Key figures in some of the biggest retail, residential and commercial developments in the city told an audience of business people that Sheffield would lose if it tried to copy Leeds and Manchester, insisting the city must differentiate if it was going to succeed.
Speaking at the Sheffield 2025: Bigger, Brighter, Bolder event in January, these Sheffield leaders insisted that local businesses, residents and politicians must work together to find this identity, leading The Star to launch its Pride in Sheffield campaign.
Also this month, the first female demolition worker in Great Britain – described as tough as Sheffield steel and with a heart of gold – died aged 77.
It was said that Dorothy Hull, known to many as ‘Dot’ – brought glitz and glamour to the dirty work of demolition in Sheffield, runing ADH Demolitions as an equal with her husband Archie. Together, they were contracted to Sheffield Council and had the mammoth job of demolishing hundreds of homes and factories between 1962 and 1989. And just one year before her death, from asbestos-related cancer, on January 15, she had successfully regained her LGV lorry licence at the age of 76.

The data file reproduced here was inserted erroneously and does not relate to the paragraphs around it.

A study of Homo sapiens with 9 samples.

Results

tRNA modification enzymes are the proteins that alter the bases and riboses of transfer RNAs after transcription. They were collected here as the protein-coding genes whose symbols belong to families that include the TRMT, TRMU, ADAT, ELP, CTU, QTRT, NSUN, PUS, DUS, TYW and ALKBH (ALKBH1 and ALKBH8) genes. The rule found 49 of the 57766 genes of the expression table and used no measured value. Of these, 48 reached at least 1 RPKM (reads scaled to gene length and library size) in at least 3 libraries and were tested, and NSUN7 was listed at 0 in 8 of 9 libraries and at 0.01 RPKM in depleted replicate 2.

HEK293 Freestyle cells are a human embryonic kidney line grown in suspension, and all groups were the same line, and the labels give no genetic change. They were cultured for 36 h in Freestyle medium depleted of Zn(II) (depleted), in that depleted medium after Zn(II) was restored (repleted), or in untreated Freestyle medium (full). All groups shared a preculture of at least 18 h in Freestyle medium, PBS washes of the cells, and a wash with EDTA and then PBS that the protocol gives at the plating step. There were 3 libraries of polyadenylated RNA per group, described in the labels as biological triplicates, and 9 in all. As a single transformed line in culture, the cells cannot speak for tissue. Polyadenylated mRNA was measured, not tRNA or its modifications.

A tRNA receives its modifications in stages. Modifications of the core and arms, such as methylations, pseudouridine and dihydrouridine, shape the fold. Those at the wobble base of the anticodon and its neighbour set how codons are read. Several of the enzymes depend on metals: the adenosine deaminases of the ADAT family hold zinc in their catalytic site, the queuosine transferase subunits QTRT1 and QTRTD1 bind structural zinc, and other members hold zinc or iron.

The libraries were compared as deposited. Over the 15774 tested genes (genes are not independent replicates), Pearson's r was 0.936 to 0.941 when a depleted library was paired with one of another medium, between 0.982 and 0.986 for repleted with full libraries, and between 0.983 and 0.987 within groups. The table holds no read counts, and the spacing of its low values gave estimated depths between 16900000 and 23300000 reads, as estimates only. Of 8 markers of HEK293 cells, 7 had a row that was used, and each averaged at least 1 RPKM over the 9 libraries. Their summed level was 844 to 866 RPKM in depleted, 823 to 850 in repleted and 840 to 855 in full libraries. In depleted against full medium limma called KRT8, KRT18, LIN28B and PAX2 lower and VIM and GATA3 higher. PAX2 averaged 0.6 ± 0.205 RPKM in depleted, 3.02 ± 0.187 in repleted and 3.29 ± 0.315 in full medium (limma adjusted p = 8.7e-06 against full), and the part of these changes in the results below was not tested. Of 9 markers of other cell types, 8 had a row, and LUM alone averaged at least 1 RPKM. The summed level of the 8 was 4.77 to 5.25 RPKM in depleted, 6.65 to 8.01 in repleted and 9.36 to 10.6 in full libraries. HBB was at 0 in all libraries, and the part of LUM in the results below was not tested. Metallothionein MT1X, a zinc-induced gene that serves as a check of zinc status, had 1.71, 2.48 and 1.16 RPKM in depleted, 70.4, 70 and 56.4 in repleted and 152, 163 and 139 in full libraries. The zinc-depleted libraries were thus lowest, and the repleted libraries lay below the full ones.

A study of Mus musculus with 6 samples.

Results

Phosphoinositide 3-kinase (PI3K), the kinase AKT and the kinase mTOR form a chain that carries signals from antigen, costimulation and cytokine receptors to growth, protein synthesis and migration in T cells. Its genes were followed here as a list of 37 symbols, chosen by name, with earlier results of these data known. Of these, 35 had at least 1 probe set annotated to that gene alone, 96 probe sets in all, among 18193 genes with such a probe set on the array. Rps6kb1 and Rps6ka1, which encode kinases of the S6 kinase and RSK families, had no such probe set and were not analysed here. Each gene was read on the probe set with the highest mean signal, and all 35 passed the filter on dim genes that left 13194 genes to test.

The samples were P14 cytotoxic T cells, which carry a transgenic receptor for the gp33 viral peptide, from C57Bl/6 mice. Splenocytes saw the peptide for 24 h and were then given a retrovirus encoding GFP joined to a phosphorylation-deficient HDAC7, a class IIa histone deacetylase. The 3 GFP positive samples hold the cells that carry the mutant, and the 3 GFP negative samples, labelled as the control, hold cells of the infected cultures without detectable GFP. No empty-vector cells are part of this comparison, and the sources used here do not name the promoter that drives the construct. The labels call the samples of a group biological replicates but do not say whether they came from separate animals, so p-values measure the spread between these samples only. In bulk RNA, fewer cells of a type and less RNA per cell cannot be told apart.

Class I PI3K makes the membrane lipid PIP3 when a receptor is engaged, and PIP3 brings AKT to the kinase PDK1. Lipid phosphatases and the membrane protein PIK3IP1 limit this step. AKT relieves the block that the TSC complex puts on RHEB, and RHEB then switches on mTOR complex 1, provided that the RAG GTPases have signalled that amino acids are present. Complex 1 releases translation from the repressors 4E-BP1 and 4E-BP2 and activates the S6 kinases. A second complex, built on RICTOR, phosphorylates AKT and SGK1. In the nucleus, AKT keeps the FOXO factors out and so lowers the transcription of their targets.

Sadly, January also saw the community shocked by the violent death of 16-year-old Leonne Weeks, whose body was discovered in a lane just off Lordens Hill near her home in Dinnington on January 16.
Friends and family had posted desperate Facebook appeals for her whereabouts after she failed to return home and her body was found the following morning. 18-year-old Shea Heeley was arrested and will stand trial for murder next March.